East Palestine Train Wreck

Barack Obama signs a bill to make trains carrying dangerous materials more safe

In 2015, former US President Barack Obama signed a bill aimed at improving the safety of trains carrying hazardous materials such as crude oil and ethanol. The bill, called the Fixing America’s Surface Transportation Act (FAST Act), included several provisions to enhance the safety of such trains.

One key provision required the Department of Transportation to establish new standards for tank cars used to transport flammable liquids. The new standards would require tank cars to have thicker shells, better thermal insulation, and stronger top fittings to reduce the risk of leaks and explosions.

The FAST Act also required railroads to develop plans for responding to hazardous material spills, and it authorized funding for research into new technologies to improve the safety of trains carrying dangerous materials.

Overall, the bill was intended to help prevent accidents like the 2013 Lac-Megantic rail disaster in Quebec, Canada, which resulted in the deaths of 47 people and the destruction of much of the town’s center.

Donald trump's decision to remove the ECP brake rule from the FAST Act.

In May 2020, the Trump administration announced that it would rescind a requirement included in the Fixing America’s Surface Transportation Act (FAST Act) that mandated the installation of electronically controlled pneumatic (ECP) brakes on certain trains carrying hazardous materials.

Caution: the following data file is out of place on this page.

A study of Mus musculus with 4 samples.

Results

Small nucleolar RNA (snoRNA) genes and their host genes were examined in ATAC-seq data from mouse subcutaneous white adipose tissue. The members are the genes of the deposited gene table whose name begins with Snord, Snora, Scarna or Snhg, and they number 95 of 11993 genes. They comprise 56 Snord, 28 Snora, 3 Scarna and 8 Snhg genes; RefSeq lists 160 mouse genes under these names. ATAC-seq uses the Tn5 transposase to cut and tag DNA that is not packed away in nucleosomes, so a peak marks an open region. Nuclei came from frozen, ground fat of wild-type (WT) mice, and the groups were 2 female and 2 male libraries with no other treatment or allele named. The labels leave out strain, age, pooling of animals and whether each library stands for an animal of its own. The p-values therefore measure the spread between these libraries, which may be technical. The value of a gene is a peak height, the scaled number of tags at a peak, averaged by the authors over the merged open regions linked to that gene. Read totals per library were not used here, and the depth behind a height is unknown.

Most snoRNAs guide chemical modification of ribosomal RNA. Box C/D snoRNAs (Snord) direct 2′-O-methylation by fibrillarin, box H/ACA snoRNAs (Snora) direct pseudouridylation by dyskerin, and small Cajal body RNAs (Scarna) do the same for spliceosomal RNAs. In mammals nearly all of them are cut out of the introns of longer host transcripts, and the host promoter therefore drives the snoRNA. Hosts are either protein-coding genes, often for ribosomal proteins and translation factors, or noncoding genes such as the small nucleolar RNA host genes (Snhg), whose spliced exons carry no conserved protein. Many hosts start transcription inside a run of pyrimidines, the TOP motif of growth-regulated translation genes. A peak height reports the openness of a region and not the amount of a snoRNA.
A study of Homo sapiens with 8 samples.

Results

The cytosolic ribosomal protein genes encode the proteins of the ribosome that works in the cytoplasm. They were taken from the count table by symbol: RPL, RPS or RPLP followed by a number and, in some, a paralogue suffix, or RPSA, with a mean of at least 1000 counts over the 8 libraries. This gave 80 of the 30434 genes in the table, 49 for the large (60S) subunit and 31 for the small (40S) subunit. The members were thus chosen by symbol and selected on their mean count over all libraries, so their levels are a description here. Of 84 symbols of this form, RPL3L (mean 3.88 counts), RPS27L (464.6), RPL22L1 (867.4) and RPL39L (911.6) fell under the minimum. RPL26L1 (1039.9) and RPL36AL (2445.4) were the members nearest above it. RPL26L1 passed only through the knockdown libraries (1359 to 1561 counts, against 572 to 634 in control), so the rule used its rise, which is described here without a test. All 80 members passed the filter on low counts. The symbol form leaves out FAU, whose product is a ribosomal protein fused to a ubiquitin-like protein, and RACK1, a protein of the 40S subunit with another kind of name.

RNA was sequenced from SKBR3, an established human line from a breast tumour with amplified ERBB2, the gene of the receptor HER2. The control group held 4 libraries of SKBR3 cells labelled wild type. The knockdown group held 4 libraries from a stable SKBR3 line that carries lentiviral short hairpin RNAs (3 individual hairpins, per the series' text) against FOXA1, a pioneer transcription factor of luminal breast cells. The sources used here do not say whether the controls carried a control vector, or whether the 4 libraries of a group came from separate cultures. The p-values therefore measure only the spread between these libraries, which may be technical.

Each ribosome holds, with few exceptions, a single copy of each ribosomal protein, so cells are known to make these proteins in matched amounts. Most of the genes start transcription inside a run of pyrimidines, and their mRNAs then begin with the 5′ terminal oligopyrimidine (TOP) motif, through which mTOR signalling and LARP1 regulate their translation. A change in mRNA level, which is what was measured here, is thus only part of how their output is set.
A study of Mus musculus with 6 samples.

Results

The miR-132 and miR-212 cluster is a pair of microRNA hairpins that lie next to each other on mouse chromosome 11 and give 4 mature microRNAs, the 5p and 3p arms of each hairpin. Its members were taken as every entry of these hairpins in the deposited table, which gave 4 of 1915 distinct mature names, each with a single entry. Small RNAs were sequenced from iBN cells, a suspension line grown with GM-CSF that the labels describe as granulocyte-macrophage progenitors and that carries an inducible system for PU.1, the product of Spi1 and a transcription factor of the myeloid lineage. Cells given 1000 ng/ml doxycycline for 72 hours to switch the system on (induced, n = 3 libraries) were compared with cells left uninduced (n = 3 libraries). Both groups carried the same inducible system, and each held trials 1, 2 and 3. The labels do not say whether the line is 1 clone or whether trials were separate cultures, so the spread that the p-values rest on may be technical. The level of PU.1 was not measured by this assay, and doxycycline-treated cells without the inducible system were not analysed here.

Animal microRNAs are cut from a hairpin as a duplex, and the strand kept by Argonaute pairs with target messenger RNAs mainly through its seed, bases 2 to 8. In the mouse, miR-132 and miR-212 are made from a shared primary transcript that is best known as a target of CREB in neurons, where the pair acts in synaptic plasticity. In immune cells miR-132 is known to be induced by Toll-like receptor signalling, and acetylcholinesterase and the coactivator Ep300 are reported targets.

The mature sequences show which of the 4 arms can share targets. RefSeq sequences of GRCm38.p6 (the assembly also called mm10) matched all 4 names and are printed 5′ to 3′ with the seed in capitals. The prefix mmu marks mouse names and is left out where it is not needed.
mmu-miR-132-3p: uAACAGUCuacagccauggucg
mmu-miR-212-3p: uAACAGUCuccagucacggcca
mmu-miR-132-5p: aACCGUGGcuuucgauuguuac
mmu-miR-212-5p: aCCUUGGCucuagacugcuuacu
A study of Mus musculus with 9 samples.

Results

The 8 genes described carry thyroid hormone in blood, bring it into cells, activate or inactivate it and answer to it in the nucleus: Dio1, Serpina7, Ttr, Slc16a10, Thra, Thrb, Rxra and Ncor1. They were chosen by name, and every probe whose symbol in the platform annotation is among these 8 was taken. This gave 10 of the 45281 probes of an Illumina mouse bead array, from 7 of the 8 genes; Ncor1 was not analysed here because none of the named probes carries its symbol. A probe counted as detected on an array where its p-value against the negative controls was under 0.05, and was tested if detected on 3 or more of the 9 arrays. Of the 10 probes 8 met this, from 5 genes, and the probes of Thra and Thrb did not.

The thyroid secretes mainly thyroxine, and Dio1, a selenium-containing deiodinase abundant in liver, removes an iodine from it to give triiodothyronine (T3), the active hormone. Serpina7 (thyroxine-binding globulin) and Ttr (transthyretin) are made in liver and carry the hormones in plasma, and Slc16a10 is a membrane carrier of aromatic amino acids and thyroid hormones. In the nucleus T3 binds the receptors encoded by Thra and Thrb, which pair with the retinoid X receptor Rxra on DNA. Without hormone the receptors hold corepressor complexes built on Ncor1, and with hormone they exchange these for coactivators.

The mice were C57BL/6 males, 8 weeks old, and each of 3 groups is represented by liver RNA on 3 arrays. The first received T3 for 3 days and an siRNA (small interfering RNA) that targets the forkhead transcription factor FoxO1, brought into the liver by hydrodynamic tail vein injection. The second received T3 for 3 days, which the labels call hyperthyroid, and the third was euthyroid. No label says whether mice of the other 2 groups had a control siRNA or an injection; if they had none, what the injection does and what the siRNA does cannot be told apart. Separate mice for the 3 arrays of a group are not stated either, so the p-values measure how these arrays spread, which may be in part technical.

The ECP brake rule was originally included in the FAST Act as a safety measure intended to prevent accidents involving trains carrying flammable materials such as crude oil and ethanol. ECP brakes are designed to reduce the stopping distance of trains and improve their overall stability, which can help prevent derailments and other types of accidents.

However, the Trump administration argued that the ECP brake rule was too costly and would not provide significant safety benefits. They estimated that the rule would cost the railroad industry approximately $375 million to implement, while only reducing the number of accidents involving trains carrying flammable materials by about one per year.

Critics of the decision argued that it was a short-sighted move that could put public safety at risk. They pointed out that accidents involving trains carrying hazardous materials have resulted in serious environmental damage and human casualties in the past, and that preventing such accidents should be a priority.